Basal Cell Carcinoma

What is Basal Cell Carcinoma (BCC)?

Basal cell carcinoma (BCC) is the most common type of skin cancer, accounting for the majority of skin cancer cases. It develops in the basal cells, which are located in the deepest layer of the epidermis (the outermost layer of the skin). Basal cell carcinoma usually appears as a painless, slow-growing, flesh-colored or pink bump on the skin, although it can also manifest as a red or brown patch, a shiny, translucent bump, or a sore that does not heal.

Symptoms of Basal Cell Carcinoma

Signs and symptoms of basal cell carcinoma may include:

  • A pearly or waxy bump on the skin, often with visible blood vessels.
  • A flat, flesh-colored or brown lesion that resembles a scar.
  • A red or pink, slightly raised, shiny bump.
  • A sore that continuously bleeds, crusts over, or does not heal.

Basal cell carcinoma commonly occurs on sun-exposed areas of the body, such as the face, ears, neck, scalp, shoulders, and back.

Causes of Basal Cell Carcinoma

The primary cause of basal cell carcinoma is prolonged exposure to ultraviolet (UV) radiation from the sun or artificial sources such as tanning beds. Other risk factors for developing BCC include:

  • Fair skin, light hair, and light-colored eyes.
  • History of frequent or severe sunburns.
  • Advanced age, as basal cell carcinoma is more common in older individuals.
  • Personal or family history of skin cancer.
  • Weakened immune system, as seen in individuals with conditions such as HIV/AIDS or those taking immunosuppressive medications.

Treatment for Basal Cell Carcinoma

Treatment for basal cell carcinoma aims to remove the cancerous growth while preserving as much healthy tissue as possible. Treatment options may include:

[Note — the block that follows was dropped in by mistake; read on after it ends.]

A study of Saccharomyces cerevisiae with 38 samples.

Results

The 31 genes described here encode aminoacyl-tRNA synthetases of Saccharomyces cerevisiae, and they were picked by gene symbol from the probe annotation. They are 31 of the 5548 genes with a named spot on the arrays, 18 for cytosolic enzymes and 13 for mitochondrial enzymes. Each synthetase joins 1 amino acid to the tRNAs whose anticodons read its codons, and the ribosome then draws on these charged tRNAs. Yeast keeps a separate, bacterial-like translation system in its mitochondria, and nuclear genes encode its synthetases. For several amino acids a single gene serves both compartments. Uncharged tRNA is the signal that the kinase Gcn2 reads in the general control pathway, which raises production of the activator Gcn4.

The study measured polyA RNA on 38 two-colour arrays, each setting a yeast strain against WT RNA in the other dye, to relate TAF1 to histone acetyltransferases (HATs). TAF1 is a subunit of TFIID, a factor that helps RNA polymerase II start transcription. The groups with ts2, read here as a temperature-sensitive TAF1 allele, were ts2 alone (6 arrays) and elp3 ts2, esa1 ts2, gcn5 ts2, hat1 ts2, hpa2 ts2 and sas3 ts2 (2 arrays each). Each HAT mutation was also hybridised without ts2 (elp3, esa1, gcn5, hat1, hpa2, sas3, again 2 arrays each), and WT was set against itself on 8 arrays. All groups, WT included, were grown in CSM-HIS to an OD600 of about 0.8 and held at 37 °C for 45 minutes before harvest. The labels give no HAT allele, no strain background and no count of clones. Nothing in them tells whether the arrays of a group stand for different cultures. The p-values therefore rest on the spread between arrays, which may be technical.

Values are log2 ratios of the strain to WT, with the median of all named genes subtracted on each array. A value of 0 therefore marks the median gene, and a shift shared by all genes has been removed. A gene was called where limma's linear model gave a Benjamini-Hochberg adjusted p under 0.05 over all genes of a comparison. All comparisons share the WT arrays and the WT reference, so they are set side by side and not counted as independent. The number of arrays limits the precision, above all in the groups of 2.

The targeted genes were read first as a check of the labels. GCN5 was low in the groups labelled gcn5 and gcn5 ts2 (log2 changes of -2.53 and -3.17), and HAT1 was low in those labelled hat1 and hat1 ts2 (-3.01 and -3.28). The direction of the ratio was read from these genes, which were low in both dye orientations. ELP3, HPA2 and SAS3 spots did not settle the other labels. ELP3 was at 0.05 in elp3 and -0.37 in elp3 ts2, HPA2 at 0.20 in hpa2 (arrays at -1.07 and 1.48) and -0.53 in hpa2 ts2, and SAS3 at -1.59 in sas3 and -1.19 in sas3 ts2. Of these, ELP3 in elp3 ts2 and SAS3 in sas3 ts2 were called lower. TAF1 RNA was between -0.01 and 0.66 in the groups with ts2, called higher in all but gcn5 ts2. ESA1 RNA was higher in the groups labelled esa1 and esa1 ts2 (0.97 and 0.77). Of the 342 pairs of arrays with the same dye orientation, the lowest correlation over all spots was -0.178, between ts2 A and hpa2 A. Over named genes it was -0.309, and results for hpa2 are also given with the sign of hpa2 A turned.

• Surgical Excision: Surgical removal of the tumor and a surrounding margin of healthy skin.
  • Mohs Micrographic Surgery: A specialized surgical technique that removes thin layers of tissue one at a time and examines them under a microscope until no cancer cells are detected.
  • Electrodessication and Curettage (ED&C): Scraping away the tumor followed by cauterization (burning) of the base to destroy any remaining cancer cells.
  • Cryotherapy: Freezing the tumor with liquid nitrogen to destroy abnormal cells.
  • Topical Medications: Prescription creams or gels containing ingredients such as imiquimod or fluorouracil (5-FU) may be used for superficial basal cell carcinomas.

In some cases, radiation therapy or targeted therapy may be recommended for individuals who are not candidates for surgery or have advanced or recurrent basal cell carcinoma.

It’s important for individuals with basal cell carcinoma to undergo regular skin examinations and sun protection measures to prevent recurrence and reduce the risk of developing additional skin cancers.